201416 Shigellosis in New Mexico, 2004-2008

Sunday, November 8, 2009

Cynthia S. Nicholson, MS , Institute for Public Health/Emerging Infections Program, University of New Mexico Health Sciences Center, Albuquerque, NM
Lisa M. Butler, MPH , Institute for Public Health/Emerging Infections Program, University of New Mexico Health Sciences Center, Albuquerque, NM
Sarah L. Lathrop, DVM, PhD , Office of the Medical Investigator/Dept. of Pathology, University of New Mexico, Albuquerque, NM
Since 2004, New Mexico (NM) has been collecting epidemiologic and laboratory information on confirmed cases of Shigella through its participation in the CDC's Emerging Infections Program. Between 2004 and 2008, there were 708 laboratory-confirmed cases of shigellosis in NM, with the highest number of cases (172) reported in 2006, with a rate of 8.5 per 100, 000. Commonly reported serotypes included S. sonnei (66%), S. flexneri (22%), S. boydii (2.4%), and S. dysenteriac (0.4%), consistent with nationally reported serotype percentages. The highest percentage of cases each year was seen in the age group 5-19 (30%) and predominantly in females (53%). Of the 419 (59%) cases with known ethnicity, 288 (41%) were Hispanic, and 130 (18%) were Non-Hispanic. Of the 502 (71%) cases with known race, 347 (49%) were white, 147 (21%) were Native American, 5 (1%) were Asian/Pacific Islander and <1% were black or multi-race, indicating an over-representation of Native Americans compared to NM's population. Analysis of data from the U.S. National Notifiable Diseases Surveillance System indicated increased risks for certain foodborne and waterborne diseases in U.S. counties that share a border with Mexico. Four of NM's southernmost counties share a border with Mexico, and this unique region represented 33% of all shigellosis cases reported between 2004 and 2008, while representing only 15% of New Mexico's total population. Border county rates ranged from 6.8 per 100,000 in 2007 to 17.0 per 100,000 in 2006. Continued laboratory-based surveillance of Shigella will help understand these regional variations in incidence.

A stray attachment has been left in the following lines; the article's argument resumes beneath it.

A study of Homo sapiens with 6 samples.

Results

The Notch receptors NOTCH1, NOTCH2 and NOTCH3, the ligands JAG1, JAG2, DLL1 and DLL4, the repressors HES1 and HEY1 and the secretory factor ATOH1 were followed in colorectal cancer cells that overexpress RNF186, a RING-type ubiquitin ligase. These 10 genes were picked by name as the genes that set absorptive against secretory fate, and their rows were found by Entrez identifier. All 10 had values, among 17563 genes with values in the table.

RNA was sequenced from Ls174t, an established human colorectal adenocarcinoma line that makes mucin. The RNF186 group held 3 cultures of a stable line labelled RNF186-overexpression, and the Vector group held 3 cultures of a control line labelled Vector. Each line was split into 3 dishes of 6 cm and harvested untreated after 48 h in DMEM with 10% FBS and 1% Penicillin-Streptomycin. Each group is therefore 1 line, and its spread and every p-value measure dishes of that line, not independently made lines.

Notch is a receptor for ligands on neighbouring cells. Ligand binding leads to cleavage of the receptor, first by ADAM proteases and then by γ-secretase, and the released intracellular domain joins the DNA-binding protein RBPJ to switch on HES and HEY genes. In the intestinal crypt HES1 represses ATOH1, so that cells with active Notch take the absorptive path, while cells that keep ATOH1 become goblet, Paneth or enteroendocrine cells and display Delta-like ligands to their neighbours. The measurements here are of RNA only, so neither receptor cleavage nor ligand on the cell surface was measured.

Learning Objectives:
Describe the incidence of shigella in New Mexico. Compare rates of Shigella infection by geographical region and ethnicity within New Mexico.

Keywords: Infectious Diseases, Surveillance

Presenting author's disclosure statement:

Qualified on the content I am responsible for because: I have been conducting public health surveillance at the University of New Mexico Health Sciences Center for 20 years. I am currently working as a foodborne disease epidemiologist with the New Mexico Emerging Infections Program.
Any relevant financial relationships? No

I agree to comply with the American Public Health Association Conflict of Interest and Commercial Support Guidelines, and to disclose to the participants any off-label or experimental uses of a commercial product or service discussed in my presentation.